How to Find Certainty in a Climate of Uncertainty

25th July 2017

We watch the ebb and flow of the oil market all day every day and, contrary to what some people think, we can’t possibly predict which way the oil price is going to go today, this month or this year. A vast number of political, economic and environmental events constantly unfolding around the world drive the oil market up or down, and commodity traders buy and sell in a hurried attempt to predict and outsmart the next fluctuation.

 

But in a climate of permanent uncertainty, we can at least be certain that the price of your marine gas oil is either going to rise or fall on a daily basis. Bunker fuel represents a significant proportion of the cost of running a vessel, and a rising market can impact heavily on operational costs.

 

We therefore offer a price risk management service: We help our clients to develop a hedging strategy, with the aim of minimising the risk of financial exposure whilst maximising profit and maintaining flexibility. A hedging strategy replaces a risk-laden unknown future with a certain outcome, stabilises fuel costs and assists in budgetary planning. The most commonly used hedging tools available are:

 

THE SWAP

The swap contract, or ‘fixed price paper’, fixes the price of a volume of fuel to be delivered in the future. The buyer and seller agree an index price (which changes), usually based on figures from Platts – a provider of reliable benchmark price assessments in energy markets. When the index price moves above the agreed fixed price, the seller pays the buyer the difference; when the index price moves below the agreed fixed price, the buyer pays the seller the difference. This helps to flatten out price fluctuations over time.

 

THE CAP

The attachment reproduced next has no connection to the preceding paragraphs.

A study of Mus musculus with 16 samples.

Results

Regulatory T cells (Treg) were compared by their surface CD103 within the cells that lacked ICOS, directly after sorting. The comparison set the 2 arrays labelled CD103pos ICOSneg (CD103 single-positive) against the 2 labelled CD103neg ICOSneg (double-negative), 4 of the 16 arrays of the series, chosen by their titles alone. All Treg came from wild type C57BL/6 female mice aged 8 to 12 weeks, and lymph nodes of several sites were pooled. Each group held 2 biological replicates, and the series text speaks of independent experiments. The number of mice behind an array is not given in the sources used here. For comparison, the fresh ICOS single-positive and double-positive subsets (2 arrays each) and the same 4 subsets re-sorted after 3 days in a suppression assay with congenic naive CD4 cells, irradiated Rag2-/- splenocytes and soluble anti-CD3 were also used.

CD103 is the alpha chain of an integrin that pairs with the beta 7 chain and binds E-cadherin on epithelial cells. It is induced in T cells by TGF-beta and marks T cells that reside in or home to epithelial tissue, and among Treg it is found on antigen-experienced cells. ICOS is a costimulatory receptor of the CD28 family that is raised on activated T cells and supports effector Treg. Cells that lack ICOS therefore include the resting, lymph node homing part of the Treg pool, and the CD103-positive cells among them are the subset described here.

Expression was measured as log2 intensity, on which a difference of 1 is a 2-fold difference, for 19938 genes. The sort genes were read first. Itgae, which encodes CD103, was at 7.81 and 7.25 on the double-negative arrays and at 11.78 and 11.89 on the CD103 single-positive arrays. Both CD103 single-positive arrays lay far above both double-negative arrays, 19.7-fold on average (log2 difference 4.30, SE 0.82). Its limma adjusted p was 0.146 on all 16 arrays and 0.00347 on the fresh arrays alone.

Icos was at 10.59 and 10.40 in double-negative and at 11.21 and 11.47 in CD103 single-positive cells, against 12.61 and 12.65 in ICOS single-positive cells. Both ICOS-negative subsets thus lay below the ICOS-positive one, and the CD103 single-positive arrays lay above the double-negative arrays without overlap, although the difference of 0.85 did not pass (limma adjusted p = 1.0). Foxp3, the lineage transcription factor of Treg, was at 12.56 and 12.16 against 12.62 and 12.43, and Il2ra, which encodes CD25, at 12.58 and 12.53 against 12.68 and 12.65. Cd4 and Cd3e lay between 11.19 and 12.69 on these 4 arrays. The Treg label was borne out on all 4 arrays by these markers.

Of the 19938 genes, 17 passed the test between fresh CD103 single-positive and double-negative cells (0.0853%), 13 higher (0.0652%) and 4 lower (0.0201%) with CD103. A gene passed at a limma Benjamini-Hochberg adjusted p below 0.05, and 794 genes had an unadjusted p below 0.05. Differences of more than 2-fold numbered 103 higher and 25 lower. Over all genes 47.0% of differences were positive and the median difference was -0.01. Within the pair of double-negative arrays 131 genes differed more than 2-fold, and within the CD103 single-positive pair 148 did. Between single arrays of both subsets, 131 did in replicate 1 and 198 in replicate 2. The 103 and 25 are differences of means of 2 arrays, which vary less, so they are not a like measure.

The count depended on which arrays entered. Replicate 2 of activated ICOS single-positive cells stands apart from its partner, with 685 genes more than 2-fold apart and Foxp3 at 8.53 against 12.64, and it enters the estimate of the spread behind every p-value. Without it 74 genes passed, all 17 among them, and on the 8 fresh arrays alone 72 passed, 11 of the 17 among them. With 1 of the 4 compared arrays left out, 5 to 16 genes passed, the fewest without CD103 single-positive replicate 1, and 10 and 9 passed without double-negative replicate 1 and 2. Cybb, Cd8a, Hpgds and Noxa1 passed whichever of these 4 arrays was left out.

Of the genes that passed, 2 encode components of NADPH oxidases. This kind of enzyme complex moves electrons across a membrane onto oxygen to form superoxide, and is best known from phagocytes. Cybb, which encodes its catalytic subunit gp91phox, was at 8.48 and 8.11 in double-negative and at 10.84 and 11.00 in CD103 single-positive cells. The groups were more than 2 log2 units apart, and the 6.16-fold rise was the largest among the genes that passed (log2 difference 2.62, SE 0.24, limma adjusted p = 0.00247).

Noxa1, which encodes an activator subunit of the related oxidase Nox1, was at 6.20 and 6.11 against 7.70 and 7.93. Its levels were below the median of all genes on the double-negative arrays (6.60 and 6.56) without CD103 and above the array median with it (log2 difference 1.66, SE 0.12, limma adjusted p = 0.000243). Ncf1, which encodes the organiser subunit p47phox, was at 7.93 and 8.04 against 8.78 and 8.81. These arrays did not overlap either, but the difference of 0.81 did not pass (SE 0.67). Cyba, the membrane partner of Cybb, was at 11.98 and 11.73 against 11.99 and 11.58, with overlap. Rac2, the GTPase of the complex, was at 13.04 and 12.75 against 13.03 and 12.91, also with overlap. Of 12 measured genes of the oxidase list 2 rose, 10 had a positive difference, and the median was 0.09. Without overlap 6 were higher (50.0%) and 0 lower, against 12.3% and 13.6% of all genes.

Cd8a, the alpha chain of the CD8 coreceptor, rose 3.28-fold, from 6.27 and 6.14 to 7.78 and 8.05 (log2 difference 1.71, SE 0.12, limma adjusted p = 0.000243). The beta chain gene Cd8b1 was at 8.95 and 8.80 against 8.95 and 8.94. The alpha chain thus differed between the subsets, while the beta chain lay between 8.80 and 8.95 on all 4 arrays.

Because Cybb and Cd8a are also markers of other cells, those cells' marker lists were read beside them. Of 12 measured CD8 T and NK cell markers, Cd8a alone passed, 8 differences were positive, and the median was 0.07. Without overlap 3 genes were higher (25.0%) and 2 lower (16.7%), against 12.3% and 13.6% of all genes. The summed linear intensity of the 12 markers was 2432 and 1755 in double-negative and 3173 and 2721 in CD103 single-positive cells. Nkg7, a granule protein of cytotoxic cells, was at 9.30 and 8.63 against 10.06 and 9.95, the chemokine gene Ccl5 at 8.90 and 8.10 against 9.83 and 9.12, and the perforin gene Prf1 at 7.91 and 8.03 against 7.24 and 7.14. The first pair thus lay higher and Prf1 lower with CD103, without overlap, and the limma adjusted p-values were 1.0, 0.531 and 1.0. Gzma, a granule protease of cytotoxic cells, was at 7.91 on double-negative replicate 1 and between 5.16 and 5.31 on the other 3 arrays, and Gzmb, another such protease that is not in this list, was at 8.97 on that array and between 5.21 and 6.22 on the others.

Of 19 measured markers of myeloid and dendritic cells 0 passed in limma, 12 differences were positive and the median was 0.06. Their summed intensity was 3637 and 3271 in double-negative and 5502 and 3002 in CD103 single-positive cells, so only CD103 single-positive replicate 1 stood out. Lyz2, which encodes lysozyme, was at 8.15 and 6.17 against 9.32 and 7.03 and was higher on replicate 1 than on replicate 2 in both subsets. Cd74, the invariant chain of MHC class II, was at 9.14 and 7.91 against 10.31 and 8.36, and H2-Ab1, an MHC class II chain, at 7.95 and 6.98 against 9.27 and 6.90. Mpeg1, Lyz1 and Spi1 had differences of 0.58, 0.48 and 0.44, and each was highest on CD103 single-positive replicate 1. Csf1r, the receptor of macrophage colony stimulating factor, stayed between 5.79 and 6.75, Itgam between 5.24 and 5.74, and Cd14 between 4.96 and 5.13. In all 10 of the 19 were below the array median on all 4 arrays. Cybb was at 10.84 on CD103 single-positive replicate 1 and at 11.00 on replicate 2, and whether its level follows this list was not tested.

The cap protects the buyer from rising prices, whilst enabling him/her to take advantage of falling prices. As with a swap, a fixed price and an index price are agreed upon. When the index price moves above the agreed fixed price, the seller pays the buyer the difference. However, if the index goes below the agreed fixed price, there is no payment due from buyer to seller. The fixed price therefore protects the buyer from rising prices, but allows him/her to benefit from price reductions. Buyers are required to pay an up-front premium for this service, which varies according to contract length, volume, price and market conditions.

 

THE COLLAR

The collar keeps the bunker costs within an agreed range. A maximum price (cap) and minimum price (floor) are agreed. When the index price moves above the cap, the seller pays the buyer the difference; when the index price is below the floor, the buyer pays the seller the difference; when the index price is in between the cap and floor, so within the collar, no payments are made. There is no up-front premium payment for this service, and the best part is that the buyer only pays for protection when he/she can best afford it (when prices are low and below the floor).

 

THE SWAP OPTION (SWAPTION)

Here, the buyer of a cap has an option, but not an obligation, to buy a swap. So if the market ends up above the swap price level, the buyer will exercise the right to enter the swap contract. There is an up-front premium to be paid for this service, which acts as a kind of insurance policy to the buyer.

 

Although there is still some risk involved, and possibly an additional cost, a hedging strategy that is carefully structured to suit a ship owner or operator’s requirements can significantly protect them against the financial risks presented by a highly volatile fuel market.